I thought I would offer this "real" world example of how a tax shifting policy could be an attractive option. One of my neighbors is currently considering putting in a geothermal system for his home. The cost is quite high, between 25-30 thousand, a large sum for an average middle class family. My neighbor is debating the pros and cons, he would have to borrow the money to install the system, but it would result in knocking off 80% of his fuel and hot water expenses. You do the math, factor in you yearly savings, add a reasonable projection on future traditional fuel costs, to calculate how long it would take for the investment to pay for itself. It's still a fairly daunting proposition, especially when you factor in the interest on any upfront loan.
We were talking about this option, and it really is something to wrestle with, because the bottomline for most of us, while we want to do our part, it comes within the reality of affordability. Anyways, I mentioned the tax shift policy, without knowing the details, just the general thrust. With a heavy emphasis on IF it happens, you could see how an income tax reduction, coupled with a price on carbon, would provide the last push, to make installation economically feasible, far more attractive. If my neighbor did go ahead with his plan, within a tax shift framework, then he essentially would avoid any additional taxes on his energy usage, while simultaneously gaining considerably on the income tax side. The net result of going geothermal, he would end up paying less taxes overall, more money in his pocket, making the initial cost of the system far more sensible. In other words, if this tax shift idea was in place, all of the current hand wringing would be a far easier decision, it would tip the economic consideration, it would actually make the jump far less risky.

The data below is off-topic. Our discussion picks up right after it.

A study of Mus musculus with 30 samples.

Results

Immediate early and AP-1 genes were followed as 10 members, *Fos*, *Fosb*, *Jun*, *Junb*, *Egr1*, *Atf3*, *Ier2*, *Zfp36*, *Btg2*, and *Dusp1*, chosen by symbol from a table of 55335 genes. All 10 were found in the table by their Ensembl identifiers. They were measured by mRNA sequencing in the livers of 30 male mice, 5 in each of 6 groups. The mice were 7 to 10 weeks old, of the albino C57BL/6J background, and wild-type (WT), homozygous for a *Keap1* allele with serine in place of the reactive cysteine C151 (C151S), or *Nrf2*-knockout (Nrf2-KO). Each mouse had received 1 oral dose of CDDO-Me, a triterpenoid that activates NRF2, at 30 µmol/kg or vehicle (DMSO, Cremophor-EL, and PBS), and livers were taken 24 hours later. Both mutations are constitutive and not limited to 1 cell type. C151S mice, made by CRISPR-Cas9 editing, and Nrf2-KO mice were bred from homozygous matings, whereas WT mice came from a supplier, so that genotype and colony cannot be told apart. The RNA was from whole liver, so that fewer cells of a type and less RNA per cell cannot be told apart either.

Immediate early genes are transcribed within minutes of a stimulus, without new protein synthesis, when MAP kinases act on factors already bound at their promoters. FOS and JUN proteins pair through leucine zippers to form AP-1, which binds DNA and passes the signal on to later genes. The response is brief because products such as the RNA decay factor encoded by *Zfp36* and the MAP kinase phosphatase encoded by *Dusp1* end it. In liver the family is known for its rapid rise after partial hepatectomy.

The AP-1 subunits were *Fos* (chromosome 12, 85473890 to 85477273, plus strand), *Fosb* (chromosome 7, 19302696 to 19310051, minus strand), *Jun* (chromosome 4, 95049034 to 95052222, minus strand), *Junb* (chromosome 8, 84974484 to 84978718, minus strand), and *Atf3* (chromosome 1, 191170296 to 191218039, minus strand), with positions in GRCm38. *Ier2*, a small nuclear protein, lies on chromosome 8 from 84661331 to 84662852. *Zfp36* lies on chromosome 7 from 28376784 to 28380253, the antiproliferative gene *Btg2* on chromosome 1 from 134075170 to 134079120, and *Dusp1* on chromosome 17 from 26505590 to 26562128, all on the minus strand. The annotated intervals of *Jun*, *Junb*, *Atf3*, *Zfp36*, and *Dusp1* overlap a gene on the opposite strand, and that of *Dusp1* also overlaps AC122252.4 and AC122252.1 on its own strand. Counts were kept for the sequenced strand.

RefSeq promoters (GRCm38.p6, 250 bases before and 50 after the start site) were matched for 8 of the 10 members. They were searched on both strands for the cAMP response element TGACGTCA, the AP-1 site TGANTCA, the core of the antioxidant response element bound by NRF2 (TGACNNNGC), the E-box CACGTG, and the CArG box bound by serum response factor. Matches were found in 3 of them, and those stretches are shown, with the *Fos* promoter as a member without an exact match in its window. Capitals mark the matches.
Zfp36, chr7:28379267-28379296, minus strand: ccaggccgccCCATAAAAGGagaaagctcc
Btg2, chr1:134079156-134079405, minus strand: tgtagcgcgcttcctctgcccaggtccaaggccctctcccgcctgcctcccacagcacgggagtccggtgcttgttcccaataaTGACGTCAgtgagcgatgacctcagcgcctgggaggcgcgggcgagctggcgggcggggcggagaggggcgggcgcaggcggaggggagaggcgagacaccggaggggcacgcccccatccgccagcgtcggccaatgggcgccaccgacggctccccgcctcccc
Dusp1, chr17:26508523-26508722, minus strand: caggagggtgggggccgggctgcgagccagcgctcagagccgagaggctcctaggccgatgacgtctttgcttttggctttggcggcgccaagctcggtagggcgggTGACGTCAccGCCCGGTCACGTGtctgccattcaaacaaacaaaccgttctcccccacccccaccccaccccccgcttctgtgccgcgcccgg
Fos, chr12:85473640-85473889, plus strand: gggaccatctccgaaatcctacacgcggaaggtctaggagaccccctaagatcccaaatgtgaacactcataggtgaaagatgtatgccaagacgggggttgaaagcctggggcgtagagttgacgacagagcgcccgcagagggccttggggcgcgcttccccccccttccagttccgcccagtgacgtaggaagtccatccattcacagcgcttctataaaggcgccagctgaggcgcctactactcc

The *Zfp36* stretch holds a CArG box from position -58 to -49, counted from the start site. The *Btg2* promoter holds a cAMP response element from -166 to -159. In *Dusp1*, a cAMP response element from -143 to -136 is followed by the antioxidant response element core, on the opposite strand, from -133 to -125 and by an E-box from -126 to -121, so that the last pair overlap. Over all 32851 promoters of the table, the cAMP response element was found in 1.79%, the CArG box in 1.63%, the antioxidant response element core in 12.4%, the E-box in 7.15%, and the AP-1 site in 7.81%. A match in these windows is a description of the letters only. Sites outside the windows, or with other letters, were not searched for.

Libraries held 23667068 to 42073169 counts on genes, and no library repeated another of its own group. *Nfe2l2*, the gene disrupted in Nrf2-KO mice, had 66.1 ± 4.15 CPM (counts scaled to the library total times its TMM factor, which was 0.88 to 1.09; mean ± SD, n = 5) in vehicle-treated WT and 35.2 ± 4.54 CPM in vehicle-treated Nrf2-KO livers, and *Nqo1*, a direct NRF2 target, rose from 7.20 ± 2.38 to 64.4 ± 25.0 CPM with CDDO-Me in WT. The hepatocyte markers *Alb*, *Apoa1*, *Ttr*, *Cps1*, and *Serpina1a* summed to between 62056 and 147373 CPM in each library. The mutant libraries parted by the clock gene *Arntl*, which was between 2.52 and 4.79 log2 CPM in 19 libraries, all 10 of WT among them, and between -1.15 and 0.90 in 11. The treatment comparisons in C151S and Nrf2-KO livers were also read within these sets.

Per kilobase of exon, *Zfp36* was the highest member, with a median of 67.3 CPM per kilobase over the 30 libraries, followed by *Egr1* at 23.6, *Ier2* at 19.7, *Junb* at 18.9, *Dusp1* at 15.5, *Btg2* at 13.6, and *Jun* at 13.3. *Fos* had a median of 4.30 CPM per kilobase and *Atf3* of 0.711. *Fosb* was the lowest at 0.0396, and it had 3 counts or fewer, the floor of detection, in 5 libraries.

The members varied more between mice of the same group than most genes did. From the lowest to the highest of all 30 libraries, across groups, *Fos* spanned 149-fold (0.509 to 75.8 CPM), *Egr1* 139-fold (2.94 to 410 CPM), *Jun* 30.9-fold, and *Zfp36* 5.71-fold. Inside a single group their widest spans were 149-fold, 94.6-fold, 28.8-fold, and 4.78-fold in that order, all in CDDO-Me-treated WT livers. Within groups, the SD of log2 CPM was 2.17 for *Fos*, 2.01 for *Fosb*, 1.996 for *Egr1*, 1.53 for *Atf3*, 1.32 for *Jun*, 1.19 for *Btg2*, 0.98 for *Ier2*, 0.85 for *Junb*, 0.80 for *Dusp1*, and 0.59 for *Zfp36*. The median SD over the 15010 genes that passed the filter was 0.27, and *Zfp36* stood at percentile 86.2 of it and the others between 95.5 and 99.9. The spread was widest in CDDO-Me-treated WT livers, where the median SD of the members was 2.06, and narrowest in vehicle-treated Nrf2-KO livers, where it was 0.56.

It's just one example, but it does serve as some indication of how the carrot and stick could provide the necessary incentive for people that want to change behaviors, but struggle with the economics. IF we had a tax shifting policy, the numbers are far more attractive, the internal debate almost a no brainer.
Interesting perspective on the politics of a carbon tax.